26 March 2024
Three projects involving VU researchers have been awarded the Gravitation grant from the Ministry of Education, Culture, and Science. These projects focus on investigating societal resilience during crises, cybersecurity, and plant sensation.

1) Resilience during crises
Societies are increasingly affected by floods, pandemics, and terrorist attacks. These crises not only threaten the well-being and security of a society but also its cohesion and unity. Over the coming years, a team of researchers from five universities, operating under the name Adapt! and funded with a €23 million grant, will investigate the cultural, socio-economic, and policy capacities needed to address such crises.

During the COVID-19 pandemic, some communities drifted apart while others remained resilient. What exactly causes this divergence? The Adapt! team will explore this, thanks to the prestigious Gravitation grant from the Netherlands Organisation for Scientific Research (NWO). "The pandemic made it clear that the core values of open societies, such as freedom, equality, and solidarity, can be eroded," says Adapt! leader and historian Beatrice de Graaf (Utrecht University). "We want to understand how to prevent this erosion and how societies can better respond to a crisis."

"By combining disciplines, we learn what works," say public administration expert Arjen Boin (Leiden University), psychologist Paul van Lange, and philosopher-theologian Rik Peels (Vrije Universiteit Amsterdam).

2) Cybersecurity
Cybersecurity is often portrayed as an educational problem or a lack of resources, with blame shifted onto users, system administrators, or budget holders who limit system management capabilities. Many difficult problems, however, remain unsolved because they require coordinated scientific research. The 'Challenges in Cyber Security' project thus brings together top researchers from the hard science sector in the field of cybersecurity. The project is awarded €21.5 million over a period of ten years and is led by TU/e. Herbert Bos, professor of computer systems security at VU, is involved.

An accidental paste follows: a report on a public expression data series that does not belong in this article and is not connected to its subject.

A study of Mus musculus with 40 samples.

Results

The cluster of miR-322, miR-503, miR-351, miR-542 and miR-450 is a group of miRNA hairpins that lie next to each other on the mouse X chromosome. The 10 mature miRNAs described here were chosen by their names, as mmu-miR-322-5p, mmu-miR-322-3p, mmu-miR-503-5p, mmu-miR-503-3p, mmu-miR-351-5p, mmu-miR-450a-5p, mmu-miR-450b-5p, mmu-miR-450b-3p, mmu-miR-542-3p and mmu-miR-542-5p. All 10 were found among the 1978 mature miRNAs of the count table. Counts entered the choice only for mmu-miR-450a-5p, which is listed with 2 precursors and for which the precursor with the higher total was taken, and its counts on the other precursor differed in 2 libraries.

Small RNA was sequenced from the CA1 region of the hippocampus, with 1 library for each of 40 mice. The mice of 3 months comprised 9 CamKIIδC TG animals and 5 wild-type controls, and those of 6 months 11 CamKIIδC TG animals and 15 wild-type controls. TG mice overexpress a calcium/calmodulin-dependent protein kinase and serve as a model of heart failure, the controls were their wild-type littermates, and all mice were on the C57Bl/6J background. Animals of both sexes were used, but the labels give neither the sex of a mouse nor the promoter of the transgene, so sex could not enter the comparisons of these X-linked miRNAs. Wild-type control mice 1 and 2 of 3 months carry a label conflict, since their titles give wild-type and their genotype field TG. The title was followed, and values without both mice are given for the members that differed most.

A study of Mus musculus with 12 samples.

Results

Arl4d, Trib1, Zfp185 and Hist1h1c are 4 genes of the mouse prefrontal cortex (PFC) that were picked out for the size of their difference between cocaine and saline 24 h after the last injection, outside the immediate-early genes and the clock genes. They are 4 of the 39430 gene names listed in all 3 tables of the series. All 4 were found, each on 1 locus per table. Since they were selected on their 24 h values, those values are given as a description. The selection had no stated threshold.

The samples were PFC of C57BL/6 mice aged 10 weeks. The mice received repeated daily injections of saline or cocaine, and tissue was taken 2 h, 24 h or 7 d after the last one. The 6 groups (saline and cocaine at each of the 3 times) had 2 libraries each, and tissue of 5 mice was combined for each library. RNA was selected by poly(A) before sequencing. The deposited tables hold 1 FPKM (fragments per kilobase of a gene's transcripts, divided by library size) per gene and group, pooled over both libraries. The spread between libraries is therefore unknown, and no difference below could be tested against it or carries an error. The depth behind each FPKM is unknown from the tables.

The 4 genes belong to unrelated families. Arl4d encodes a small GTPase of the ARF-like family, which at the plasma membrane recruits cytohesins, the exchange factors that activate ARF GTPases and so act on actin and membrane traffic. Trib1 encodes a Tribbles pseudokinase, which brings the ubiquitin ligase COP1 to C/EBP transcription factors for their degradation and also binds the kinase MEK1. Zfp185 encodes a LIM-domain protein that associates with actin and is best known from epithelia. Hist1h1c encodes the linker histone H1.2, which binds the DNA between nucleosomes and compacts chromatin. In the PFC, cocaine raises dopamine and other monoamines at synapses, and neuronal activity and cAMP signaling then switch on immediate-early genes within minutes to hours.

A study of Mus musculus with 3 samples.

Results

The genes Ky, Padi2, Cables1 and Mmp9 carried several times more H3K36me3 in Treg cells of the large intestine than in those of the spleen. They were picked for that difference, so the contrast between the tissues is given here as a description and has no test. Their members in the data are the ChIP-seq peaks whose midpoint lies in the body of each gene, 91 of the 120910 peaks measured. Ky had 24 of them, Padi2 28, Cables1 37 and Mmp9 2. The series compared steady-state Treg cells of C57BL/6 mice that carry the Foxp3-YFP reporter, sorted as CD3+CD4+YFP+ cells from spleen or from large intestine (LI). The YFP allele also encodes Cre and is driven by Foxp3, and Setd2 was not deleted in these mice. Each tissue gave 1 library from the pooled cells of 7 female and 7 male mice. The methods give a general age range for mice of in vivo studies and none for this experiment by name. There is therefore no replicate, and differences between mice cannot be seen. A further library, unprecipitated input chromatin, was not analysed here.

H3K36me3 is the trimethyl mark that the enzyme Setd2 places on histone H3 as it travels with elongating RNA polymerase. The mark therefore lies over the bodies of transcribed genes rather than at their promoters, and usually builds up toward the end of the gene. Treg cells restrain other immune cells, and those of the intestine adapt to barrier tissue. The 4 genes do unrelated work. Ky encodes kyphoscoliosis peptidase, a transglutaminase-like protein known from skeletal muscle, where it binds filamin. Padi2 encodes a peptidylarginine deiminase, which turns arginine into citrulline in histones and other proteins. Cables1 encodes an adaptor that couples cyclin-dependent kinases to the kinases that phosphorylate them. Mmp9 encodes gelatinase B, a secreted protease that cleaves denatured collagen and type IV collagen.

3) Plant sensation
Biologists have known for roughly a hundred years that plants can 'feel' touch. Think of carnivorous plants that close their leaves when they sense prey. But how this works exactly at the cellular level, without brains or nerves, remains unclear. In the new 'Green Tissue Engineering' project, researchers from Wageningen, Utrecht, Nijmegen, Eindhoven, Groningen, Amsterdam (VU), and Leiden will collaborate on this. Wageningen biochemists Joris Sprakel and Dolf Weijers lead the consortium. Gijs Wuite, professor of physics of life processes at VU, is involved.

About Gravitation
Gravitation is a government initiative to support research by top scientist groups in the Netherlands to excel globally. Researchers must conduct innovative and influential research in their field. The Ministry of Education, Culture, and Science has asked the Netherlands Organisation for Scientific Research to carry out the selection procedure for this funding program. See the NWO announcement here.

Gravitation is intended for consortia of scientists conducting innovative and influential scientific research within their field. The aim is to stimulate research programs to achieve breakthroughs of international significance.